A relocated tiger couple has met in Sariska, raising hopes that the big cat population in the park will increase, while two new cubs have been born in Ranthambore.
"Rajasthan is sending some positive signals on the tiger population," environment minister Jairam Ramesh said, indicating the new tiger census to be announced in December will show increase in tiger population in India.
As of the last census in 2007, there were 1,411 tigers in the country.
The minister hopes that the tiger couple --- T-4, a male tiger and T-2, a female --- mates and Sariska gets its first litter after the tigers went missing from India's first tiger reserve.
Many wildlifers are not enthused, saying tigers coupled have mated earlier, but there were no cubs. The reason for hope this time is that the tigress is different from the one who had mated earlier and was relocated from Ranthambore in 2009.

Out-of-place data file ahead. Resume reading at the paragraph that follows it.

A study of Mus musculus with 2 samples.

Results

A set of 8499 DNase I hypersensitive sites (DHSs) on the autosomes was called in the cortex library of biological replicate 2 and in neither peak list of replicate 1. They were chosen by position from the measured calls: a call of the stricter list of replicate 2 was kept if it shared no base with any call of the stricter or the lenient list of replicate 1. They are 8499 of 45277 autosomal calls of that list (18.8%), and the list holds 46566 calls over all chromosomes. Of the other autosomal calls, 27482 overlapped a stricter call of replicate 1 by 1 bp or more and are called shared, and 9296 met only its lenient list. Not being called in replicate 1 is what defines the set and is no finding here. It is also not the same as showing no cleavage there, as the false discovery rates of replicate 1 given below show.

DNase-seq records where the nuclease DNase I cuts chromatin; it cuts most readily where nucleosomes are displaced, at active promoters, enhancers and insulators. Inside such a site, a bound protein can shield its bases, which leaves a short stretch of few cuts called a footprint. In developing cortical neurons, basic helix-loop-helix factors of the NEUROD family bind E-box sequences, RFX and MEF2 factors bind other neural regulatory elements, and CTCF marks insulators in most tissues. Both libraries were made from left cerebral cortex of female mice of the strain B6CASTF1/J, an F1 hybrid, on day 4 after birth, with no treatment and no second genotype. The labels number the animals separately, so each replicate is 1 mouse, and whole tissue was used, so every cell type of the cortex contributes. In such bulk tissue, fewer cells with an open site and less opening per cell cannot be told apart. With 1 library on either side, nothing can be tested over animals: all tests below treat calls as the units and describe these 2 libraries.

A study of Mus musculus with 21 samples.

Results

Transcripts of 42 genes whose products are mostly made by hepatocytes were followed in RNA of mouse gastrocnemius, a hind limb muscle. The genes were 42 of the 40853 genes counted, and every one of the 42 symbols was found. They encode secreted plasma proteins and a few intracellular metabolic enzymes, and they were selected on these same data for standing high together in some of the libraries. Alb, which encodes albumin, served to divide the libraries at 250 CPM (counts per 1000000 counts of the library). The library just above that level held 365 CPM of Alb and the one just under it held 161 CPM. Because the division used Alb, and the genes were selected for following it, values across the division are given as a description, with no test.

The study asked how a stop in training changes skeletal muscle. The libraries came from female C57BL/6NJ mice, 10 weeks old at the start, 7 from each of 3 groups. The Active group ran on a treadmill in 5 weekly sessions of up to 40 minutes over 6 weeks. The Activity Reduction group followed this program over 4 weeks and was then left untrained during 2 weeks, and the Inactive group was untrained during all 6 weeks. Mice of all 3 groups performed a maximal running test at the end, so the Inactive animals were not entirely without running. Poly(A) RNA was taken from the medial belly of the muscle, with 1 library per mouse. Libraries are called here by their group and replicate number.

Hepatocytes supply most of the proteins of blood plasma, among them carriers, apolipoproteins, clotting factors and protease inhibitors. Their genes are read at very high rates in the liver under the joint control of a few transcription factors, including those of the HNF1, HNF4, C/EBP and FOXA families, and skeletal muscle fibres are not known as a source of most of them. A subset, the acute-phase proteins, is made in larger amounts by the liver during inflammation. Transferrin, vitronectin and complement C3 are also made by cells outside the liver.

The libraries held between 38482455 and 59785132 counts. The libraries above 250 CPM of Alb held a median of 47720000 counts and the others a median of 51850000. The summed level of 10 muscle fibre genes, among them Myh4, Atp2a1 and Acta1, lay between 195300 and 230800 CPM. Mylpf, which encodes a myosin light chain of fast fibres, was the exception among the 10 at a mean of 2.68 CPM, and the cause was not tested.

"She is vocalising," Ramesh said, meaning she is ready for mating.
Her vocalising has caught the attention of the tiger, who had gone missing earlier this month and has now returned to be with her. Both of them were spotted together in Kalighatti area of Sariska reserve, considered auspicious for birth of cubs.
A team of scientists from the Wildlife Institute of India and Rajasthan forest department is monitoring the couple through radio collaring devices. If all goes well, the forest department officials expect Sariska to have cubs by next monsoon.
About 200 km south in Ranthambore, the reserve got two new cubs.
A relocated tiger was apparently poisoned in Sariska and tigers faced the ire of villagers in Ranthambore for killing a woman. Both the incidents happened earlier this month.